Getting students to understand that they have to meet deadlines before they take a vacation — that’s a career/professional/life skill. Keep repeating this in your head (and aloud.)
If you are submitting pages over (or before) break, make sure you have all of the photos and words in hand, plus bylines and photo credits.
Survey your staff. Are they going to be home and bored? They may want to get together at the local coffee house and work on yearbook. It is fun, after all.
MAKE THE MOST OF DOWNTIME
Stories happen even when school is out. Do a little brainstorming. There may be something really cool to cover.
Make a cell phone photo assignment: Snow pics, skiing pics, lights, tinsel. Even if you don’t have a specific need for the photos, it’s always great to have extras.
Extra credit, anyone? Consider giving a points boost if students are willing to cover a basketball game or other event over break.
Provide a “things to do when you’re bored” list to students: Learn a new photo technique, read a great longform article, nd an interesting design for inspiration, practice a Photoshop skill. This may be another opportunity for an optional grade, especially if they share with the staff after break.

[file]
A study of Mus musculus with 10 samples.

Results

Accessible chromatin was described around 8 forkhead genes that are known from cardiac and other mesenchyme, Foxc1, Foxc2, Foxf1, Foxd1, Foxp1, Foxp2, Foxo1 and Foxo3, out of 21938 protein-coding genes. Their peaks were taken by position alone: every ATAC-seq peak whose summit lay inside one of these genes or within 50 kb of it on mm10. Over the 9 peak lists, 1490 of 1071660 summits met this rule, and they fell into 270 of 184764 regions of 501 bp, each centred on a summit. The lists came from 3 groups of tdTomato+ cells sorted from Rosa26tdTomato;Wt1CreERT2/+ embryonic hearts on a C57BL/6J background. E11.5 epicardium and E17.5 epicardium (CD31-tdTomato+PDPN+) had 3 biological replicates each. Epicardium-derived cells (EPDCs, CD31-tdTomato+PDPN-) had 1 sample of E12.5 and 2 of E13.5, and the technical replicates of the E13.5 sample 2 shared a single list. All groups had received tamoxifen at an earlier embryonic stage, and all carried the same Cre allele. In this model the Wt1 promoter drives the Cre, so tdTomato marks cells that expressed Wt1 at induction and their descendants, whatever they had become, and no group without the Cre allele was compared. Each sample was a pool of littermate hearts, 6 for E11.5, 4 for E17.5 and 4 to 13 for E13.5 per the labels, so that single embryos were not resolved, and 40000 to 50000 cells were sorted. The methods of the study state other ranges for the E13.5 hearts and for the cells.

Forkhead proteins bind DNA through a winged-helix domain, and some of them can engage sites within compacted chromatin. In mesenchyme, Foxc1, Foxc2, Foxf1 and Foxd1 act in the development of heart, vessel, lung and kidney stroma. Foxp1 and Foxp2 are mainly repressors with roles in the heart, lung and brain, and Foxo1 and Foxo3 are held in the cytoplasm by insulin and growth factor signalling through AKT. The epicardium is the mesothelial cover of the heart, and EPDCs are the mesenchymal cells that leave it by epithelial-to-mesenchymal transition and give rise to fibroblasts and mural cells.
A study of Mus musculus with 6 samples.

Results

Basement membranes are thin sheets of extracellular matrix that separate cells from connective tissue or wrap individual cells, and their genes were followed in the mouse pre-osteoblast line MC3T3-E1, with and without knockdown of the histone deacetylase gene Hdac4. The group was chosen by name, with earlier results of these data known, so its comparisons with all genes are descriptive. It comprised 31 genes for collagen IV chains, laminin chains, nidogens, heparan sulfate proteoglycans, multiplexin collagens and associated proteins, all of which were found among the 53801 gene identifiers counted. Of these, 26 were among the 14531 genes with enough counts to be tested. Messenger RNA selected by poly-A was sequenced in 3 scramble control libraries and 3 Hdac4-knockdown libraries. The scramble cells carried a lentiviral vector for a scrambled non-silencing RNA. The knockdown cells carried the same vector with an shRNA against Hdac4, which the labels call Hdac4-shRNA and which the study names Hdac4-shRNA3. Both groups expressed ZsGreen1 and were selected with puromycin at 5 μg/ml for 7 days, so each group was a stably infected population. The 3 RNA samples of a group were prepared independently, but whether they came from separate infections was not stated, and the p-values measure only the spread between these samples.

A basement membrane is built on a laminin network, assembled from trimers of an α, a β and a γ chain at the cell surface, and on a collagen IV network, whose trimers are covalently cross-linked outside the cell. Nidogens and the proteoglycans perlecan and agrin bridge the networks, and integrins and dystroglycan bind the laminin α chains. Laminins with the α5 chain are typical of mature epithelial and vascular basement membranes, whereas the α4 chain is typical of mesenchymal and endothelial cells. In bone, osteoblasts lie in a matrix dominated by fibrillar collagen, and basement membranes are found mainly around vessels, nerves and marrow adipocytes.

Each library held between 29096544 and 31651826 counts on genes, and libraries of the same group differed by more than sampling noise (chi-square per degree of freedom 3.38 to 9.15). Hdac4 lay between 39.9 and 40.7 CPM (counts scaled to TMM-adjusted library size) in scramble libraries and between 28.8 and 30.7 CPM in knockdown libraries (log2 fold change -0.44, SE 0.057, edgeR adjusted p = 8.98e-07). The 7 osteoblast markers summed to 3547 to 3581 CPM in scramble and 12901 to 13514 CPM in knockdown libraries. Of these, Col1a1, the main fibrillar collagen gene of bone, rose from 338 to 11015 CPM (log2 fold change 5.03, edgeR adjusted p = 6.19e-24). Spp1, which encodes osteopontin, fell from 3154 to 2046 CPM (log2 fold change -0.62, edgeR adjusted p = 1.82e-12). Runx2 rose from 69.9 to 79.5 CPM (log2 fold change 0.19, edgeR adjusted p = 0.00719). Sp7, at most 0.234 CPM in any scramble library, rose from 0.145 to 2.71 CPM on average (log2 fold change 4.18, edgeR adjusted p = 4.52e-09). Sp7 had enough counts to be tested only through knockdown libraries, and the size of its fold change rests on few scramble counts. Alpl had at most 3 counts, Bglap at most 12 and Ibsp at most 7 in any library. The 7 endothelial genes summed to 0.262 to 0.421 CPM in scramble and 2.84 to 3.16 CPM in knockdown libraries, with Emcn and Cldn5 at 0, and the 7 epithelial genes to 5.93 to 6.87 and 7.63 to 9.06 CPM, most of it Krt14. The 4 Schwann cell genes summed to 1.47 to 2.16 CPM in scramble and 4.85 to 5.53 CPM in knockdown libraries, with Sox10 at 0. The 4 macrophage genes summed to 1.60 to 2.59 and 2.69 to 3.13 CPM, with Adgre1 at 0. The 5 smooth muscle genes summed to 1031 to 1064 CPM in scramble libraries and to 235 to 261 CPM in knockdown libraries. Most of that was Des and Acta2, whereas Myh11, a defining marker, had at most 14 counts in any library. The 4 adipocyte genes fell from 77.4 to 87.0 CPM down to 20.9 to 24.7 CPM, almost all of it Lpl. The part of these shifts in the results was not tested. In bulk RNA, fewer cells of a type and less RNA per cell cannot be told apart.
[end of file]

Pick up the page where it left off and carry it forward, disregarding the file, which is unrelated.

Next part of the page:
Send printed proofs home. It’s so much easier to find typos when you don’t have a head full of school. It may be worth a half-hour of their time. Give a point, or a candy cane, for great catches (before the page is final.)
Nothing on this checklist should keep you from taking time to check-out, sign off and recharge your batteries. Trust us — we have been in your shoes — you will do much better work in January, if you take a break. So, say yes to a TV binge, read a good book, go for a long walk. Most importantly, enjoy your break. You are our most precious, mostly renewable, resource.